Setting up a 3D printing farm and engaging in micro entrepreneurship seemed like such a stereotypical thing for a libertarian to do. But when the orders for Thomas Jefferson and Trumpy Buddhas started rolling in, it went from a joke to serious business.
My friend Drew White gifted me an Ender 3 Pro 3D printer last year as a way to help me spread the gospel of 3D printing. He's also the donor who gave me an AR-15 during my senate campaign that became infamous for getting me banned from social media, and exposing how Facebook's Sheryl Sandberg was funding my Democratic opponent Claire McCaskill simultaneously. (Sandberg is now under investigation for allegedly exploiting Facebook for personal use.)
Drew probably expected I'd start printing firearms right away, and while I did go through a few test prints of a glock, I realized I needed more experience with the printers before I could do something like that successfully. It's not as easy to make a "ghost gun" as the media or politicians would like you to believe. And anyone who would do it, and doesn't do it well, probably would end up hurting themselves before they'd ever hurt anyone else with it. I will write more about 3D printed firearms in the future. For now, let's focus on the farm.
One day I decided to print a Buddha of George Washington to test the capability of my Ender 3. I posted a photograph online, and was contacted by someone in Jefferson City to ask if they could buy it from me. That's when the lightbulb went off over my head. If the price point was right, the product was interesting enough, and I could produce items fast enough, it would potentially be profitable to open a store for products that I manufactured in home. But one printer wouldn't be enough.
Thankfully, MicroCenter in St. Louis was offering an incredible special on 3D printers exactly like mine. They were only $100 each, but were available to one customer at a time. Thankfully I have friends in St. Louis, and was able to convince four of them to buy one each, and let me buy theirs from them. The process of getting the printers to me was also interesting, in that my friend State Representative Tony Lovasco was able to pick up all the printers from my friends, and ferry them to me in Jefferson City whenever he was in the capitol for session. How's that for a public servant?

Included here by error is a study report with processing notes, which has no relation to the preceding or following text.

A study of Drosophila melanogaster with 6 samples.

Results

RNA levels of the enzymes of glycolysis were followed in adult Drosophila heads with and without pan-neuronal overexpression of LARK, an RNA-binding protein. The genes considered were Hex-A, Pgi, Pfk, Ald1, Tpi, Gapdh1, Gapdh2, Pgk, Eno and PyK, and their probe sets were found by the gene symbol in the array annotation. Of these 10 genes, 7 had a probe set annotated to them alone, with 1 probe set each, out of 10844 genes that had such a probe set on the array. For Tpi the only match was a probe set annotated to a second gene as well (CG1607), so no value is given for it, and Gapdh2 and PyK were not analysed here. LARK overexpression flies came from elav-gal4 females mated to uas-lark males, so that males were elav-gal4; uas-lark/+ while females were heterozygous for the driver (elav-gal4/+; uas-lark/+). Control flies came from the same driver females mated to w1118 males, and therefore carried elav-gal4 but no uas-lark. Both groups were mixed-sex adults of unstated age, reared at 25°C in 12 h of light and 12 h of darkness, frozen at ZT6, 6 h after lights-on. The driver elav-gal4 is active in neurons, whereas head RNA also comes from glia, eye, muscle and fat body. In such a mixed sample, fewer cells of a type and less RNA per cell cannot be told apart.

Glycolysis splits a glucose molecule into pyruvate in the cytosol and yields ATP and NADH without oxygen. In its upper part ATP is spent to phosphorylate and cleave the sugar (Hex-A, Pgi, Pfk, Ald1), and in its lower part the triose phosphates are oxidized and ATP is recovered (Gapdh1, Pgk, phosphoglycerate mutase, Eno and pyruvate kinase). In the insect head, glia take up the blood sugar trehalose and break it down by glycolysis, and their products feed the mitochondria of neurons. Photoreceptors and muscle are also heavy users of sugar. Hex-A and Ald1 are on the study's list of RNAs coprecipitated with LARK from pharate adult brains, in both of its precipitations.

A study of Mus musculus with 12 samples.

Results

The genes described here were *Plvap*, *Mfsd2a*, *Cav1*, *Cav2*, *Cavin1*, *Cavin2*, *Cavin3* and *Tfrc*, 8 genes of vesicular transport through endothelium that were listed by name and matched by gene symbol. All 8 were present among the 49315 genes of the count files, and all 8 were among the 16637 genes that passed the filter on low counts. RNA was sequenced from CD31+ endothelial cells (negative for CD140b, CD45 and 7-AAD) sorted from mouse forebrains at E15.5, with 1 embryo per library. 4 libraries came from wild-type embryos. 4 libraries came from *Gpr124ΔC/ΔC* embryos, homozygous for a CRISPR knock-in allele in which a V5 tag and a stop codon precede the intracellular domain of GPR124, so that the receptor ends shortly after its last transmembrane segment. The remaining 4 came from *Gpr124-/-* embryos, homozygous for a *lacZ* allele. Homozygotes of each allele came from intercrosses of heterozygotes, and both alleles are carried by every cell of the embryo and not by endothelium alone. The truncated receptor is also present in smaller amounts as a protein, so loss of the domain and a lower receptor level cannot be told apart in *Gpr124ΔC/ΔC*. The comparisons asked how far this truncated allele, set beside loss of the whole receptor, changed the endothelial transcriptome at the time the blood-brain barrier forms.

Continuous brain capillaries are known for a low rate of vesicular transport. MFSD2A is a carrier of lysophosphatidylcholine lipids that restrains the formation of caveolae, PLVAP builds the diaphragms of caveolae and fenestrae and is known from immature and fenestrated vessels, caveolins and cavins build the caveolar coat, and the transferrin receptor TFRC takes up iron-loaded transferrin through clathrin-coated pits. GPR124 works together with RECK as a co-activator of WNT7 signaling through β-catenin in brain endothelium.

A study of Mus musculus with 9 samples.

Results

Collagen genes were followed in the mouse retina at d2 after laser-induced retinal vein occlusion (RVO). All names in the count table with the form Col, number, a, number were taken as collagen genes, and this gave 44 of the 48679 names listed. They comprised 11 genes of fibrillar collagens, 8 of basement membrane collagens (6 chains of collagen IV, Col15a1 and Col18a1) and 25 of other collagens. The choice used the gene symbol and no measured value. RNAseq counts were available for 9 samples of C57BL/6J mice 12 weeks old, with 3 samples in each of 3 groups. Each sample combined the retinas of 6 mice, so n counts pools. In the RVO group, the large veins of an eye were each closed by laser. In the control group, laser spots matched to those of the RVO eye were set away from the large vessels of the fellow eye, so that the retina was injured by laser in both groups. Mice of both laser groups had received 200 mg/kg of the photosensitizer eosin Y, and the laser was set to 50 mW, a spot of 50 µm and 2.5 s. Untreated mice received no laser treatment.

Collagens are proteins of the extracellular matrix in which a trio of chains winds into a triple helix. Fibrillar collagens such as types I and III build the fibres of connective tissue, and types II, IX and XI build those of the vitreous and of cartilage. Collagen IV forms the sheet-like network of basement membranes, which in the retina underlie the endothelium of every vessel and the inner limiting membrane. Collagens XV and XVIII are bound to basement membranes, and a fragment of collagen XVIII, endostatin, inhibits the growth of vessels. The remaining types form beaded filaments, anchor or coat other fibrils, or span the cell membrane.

Once the 5 printers had all been setup and calibrated, the only thing left to do was print, baby print! Oh, and setup a new website to sell them on. That turned out to be one hell of a situation in itself, fighting Google and Facebook to try to use their tools (mostly unsuccessfully), and finally finding a terrific solution with Shopify that ended up meeting all our needs.
Not only were we able to offer our 3D Printed merchandise through Shopify, but we were suddenly able to use their terrific drop shipping services to create all kinds of new products that people have been snapping up and enjoying.
It's been exciting to see what people have been enjoying and buying. The best part is seeing people sharing their products on social media, which have really contributed to overall sales as well.
Overall, the experience of 3D printing and shipping hasn't exactly been easy to get started. But now that it's up and running, it's become a serious side hustle that has my lovely wife sitting up for a couple extra hours a day sanding little Trumpy Buddhas before she paints them, boxes them, and writes a sweet personal note with each one she sends out.
The process of 3D printing itself has been a big challenge to overcome, but even harder than the actual process of printing is the software side of things. In order to save money and not be forced to contract with 3D modelers through apps like Fiverr, I've been teaching myself how to do edits to models myself, which is a herculean task as well. Thankfully there are plenty of tutorials online to teach you how to do this, as well as free software programs like Blender to allow you to do the time intensive work of creating the 3D models to send to the printer. I've been able to successfully create the Trumpy Buddha, and the Ben Franklin Buddhas myself. I only had to pay someone to create the original Thomas Jefferson Buddha, which cost about $50.
The process of printing can be tedious. Bed leveling, determining the proper temperature, type of plastic, and other settings can be very daunting. The complexity of 3D printing is a double edged sword from a business perspective however. It's just accessible enough for someone like me to be able to use it, but too difficult for most people to be able to use. If it were plug and play, the market would quickly become saturated, and the profitability would go down much faster.
Overall, the business has exploded with traffic and sales in just under a month. The biggest tests now are coming up with new ideas, marketing them appropriately, and finding time to process orders. But with 5 printers running full time, it will be a lot easier to get products to customers in a reasonable time frame. We won't ever be Amazon, but liberty products are a niche that many entrepreneurs have a hard time filling. Libertarians are notoriously difficult to please. There will be a constant challenges to be coming up with new creative ideas to constantly excite their interest and get them to do what a tough economy makes it hard to do: spend money.
Did you enjoy my blog? Have you thought about getting your own 3D printing farm or starting your own business? Leave us your thoughts with a comment below.